Good news! American consumers are feeling about as bullish as they have been in nearly 20 years, thanks in large part to a healthy job market.
The Conference Board reported Tuesday that its index of consumer confidence is near 18-year highs. This follows a similar report from the University of Michigan earlier this month, which showed that consumer sentiment was at its best level since 2004.
But here’s some potentially bad news — for investors at least. Consumers are notorious for being overly optimistic at the top of the market cycle.
So the high levels of confidence on Main Street may once again signal tough times ahead for Wall Street. That trend may already be under way now as stocks pull back because of trade war concerns.
Maximum optimism = maximum prices?
“From an economic perspective, elevated confidence is a sign of strength,” said William Delwiche, investment strategist with Baird. “But from the perspective of the stock market, maximum optimism tends to coincide with maximum prices.”
Delwiche noted consumer sentiment levels often track the stock market and the two readings reported in the past few weeks were for April — i.e. before this month’s market turmoil due to increased trade tension.
Along those lines, the recent slide in stocks and long-term bond yields may be a more important indicator of sentiment than last month’s consumer confidence measures. The US 10-Year yield recently hit its lowest level since September 2017.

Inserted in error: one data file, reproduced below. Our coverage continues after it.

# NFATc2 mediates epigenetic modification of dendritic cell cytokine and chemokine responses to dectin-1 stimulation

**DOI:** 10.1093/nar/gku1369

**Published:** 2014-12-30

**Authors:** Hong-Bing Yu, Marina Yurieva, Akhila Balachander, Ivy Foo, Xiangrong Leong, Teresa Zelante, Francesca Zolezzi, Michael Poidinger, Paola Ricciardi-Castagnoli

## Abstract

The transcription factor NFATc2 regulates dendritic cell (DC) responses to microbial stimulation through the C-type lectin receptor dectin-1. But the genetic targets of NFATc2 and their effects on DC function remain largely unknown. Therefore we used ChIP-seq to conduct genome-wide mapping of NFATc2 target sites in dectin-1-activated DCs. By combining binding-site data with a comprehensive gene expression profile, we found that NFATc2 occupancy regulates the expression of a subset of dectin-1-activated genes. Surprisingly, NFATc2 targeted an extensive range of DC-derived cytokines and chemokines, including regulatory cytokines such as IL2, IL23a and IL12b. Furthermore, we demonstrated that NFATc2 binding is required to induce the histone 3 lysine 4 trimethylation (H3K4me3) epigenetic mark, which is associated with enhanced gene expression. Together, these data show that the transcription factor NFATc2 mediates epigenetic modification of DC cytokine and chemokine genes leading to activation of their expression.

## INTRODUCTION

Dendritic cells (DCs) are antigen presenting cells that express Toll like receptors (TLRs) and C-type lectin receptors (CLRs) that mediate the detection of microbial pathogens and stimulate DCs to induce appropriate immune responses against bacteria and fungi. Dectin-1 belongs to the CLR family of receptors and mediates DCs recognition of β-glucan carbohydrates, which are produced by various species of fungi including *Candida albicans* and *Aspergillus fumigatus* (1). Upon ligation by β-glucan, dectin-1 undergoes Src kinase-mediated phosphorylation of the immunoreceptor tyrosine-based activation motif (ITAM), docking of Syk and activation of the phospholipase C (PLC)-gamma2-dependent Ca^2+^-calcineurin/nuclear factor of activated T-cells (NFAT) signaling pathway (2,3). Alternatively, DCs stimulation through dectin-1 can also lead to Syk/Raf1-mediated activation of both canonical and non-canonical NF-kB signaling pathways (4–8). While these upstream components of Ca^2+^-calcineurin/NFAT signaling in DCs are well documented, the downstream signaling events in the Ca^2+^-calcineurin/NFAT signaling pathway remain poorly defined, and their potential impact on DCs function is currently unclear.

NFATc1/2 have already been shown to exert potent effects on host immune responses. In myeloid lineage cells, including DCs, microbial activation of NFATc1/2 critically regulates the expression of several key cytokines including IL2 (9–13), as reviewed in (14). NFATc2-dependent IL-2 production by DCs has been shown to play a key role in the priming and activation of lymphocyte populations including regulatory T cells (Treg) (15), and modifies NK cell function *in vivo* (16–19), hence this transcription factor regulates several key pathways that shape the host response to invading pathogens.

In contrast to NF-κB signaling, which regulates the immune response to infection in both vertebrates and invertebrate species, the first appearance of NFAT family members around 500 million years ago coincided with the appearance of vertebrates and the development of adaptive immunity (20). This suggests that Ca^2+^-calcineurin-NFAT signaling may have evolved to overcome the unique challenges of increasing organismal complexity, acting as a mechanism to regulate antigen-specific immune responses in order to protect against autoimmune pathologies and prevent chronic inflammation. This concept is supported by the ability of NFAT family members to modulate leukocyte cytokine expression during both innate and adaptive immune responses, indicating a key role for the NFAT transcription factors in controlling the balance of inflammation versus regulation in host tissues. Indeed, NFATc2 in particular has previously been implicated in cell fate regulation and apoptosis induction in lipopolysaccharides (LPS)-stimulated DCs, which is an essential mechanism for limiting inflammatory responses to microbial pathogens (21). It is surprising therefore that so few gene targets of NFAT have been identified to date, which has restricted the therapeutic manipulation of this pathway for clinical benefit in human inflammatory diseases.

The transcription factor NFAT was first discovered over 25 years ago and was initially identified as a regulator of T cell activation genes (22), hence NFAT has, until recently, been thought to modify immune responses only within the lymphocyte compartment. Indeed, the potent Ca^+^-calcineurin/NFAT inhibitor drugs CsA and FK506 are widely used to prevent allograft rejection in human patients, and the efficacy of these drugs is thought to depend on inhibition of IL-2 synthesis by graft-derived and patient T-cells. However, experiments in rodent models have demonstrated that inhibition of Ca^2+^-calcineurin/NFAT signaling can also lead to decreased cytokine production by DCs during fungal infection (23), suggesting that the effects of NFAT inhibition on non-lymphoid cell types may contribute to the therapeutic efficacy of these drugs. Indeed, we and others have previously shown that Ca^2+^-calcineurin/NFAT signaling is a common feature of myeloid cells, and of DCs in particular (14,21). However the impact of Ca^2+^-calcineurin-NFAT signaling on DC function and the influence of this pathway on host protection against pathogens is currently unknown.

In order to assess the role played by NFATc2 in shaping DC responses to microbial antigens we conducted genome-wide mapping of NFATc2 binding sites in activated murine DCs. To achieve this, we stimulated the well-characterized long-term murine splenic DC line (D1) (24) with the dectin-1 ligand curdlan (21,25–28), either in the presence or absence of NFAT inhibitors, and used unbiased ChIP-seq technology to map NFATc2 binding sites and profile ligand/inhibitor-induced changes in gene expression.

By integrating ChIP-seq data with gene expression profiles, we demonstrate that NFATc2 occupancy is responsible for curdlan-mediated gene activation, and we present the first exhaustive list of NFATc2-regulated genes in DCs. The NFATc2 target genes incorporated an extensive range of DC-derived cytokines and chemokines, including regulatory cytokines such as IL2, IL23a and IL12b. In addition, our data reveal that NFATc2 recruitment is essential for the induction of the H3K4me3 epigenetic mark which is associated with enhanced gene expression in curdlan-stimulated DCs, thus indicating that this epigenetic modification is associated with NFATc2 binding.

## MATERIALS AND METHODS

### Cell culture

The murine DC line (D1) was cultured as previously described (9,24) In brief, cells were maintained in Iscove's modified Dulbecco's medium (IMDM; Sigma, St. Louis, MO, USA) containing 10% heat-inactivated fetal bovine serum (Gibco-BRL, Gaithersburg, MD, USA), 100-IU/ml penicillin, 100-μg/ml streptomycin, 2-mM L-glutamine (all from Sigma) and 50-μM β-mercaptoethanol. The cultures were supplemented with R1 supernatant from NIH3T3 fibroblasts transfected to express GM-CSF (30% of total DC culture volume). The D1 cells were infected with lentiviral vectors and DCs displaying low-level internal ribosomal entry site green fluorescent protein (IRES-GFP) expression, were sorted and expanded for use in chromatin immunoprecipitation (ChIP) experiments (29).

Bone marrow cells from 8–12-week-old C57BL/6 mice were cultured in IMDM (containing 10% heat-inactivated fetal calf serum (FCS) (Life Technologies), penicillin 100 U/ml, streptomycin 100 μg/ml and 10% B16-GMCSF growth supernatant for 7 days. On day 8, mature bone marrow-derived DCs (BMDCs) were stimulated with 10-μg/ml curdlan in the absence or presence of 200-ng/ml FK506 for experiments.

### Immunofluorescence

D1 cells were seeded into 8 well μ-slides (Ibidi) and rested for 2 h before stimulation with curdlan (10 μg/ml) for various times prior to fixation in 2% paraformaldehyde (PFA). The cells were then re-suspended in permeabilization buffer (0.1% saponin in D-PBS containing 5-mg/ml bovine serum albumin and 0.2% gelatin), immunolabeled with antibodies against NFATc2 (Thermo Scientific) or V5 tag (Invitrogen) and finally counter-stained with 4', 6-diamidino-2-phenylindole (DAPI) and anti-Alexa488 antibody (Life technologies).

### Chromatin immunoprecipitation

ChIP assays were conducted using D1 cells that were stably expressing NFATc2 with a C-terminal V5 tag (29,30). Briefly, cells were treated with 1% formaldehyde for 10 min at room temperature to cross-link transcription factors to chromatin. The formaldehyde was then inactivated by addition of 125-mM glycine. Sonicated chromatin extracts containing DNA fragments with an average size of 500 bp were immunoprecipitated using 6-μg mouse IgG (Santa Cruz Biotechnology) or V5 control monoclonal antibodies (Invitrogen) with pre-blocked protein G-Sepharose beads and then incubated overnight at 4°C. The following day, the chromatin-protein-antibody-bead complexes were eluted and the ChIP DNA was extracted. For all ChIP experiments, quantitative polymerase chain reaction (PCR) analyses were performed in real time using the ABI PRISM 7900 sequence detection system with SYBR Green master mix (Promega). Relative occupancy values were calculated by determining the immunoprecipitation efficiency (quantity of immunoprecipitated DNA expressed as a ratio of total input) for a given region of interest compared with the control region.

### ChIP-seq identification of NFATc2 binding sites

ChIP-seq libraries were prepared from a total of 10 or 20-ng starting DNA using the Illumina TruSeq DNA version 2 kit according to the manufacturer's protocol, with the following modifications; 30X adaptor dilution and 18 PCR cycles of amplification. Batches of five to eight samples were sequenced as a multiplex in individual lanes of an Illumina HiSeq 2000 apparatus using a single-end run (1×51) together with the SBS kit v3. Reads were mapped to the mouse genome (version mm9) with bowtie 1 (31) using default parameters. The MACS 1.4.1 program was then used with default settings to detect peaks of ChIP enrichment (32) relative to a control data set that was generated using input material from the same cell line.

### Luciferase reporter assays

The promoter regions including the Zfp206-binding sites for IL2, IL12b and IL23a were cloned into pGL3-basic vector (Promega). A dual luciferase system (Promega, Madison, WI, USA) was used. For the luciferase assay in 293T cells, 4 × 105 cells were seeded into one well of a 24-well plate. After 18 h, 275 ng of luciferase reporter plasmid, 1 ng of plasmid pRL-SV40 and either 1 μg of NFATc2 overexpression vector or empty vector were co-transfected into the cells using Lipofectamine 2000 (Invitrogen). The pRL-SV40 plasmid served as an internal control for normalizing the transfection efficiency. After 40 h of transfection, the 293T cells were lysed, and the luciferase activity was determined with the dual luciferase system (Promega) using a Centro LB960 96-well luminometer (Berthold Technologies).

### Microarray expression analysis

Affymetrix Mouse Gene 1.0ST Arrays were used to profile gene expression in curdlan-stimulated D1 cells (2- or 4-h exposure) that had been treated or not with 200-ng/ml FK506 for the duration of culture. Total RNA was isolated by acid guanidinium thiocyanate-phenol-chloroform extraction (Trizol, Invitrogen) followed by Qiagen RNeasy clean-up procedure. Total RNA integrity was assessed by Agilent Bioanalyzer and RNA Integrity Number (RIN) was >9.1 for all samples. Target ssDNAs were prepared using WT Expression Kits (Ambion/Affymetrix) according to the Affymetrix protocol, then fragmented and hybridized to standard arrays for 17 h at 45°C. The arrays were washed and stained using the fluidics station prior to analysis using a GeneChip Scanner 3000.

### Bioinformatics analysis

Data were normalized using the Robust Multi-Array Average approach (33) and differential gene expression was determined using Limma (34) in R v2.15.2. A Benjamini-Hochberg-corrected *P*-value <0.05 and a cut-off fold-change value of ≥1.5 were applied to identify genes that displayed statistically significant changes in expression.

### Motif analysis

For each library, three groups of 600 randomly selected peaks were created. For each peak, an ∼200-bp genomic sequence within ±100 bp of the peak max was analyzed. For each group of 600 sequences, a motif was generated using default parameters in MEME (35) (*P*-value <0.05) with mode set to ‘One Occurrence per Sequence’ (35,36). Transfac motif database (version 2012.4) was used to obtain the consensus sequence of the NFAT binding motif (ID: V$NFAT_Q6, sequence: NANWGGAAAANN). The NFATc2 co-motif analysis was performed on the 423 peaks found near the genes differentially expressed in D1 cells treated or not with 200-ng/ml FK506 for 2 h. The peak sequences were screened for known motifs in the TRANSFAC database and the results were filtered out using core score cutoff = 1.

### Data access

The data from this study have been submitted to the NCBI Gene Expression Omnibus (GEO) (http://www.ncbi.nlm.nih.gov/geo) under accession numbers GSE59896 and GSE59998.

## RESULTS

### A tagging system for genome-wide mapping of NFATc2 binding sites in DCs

That may not be enough to set off recession or bear market alarm bells just yet. But it could be a sign that earnings and economic growth may have peaked for the foreseeable future.
“While we are not projecting a downturn yet, the message from the financial markets is clearly one of a slowing economy,” said Joseph LaVorgna, chief economist for the Americas at Natixis, in a report Tuesday.
But if the job market remains healthy, Delwiche believes consumer spending should continue to grow steadily. And that would lessen the need for the Federal Reserve to lower interest rates as Trump and others in his administration have called for.
Much like the stock market, just because something is at a historically high level doesn’t mean that it can’t keep climbing before it eventually tops out. So the American consumer could remain bullish for several more months — or even years.
“We’ve been citing peak consumer confidence as a contrarian indicator for two years,” said Shannon Saccocia, chief investment officer at Boston Private.
Last few times confidence was this high, bad things came next
But it may be only a matter of when, not if, high consumer confidence is eventually followed by a downturn.
“One of the biggest things I hear from investors right now is that things look great … so why worry about the risk of recession?” said Jeffrey Kleintop, chief global investment strategist at Charles Schwab & Co.
“But if it’s always ‘darkest before the dawn,’ maybe someone should coin the phrase ‘it’s brightest before you’re hit by that oncoming truck,'” he added.
Kleintop noted that every time consumers have been as ebullient as they are right now during the past few decades, there eventually was a day of reckoning not too long afterward.
“Over the past 30 years, the current [consumer confidence] level has only been exceeded in 2007, 1998-2001, 1994 and 1990 — periods that immediately preceded difficult times for consumers and investors,” he said.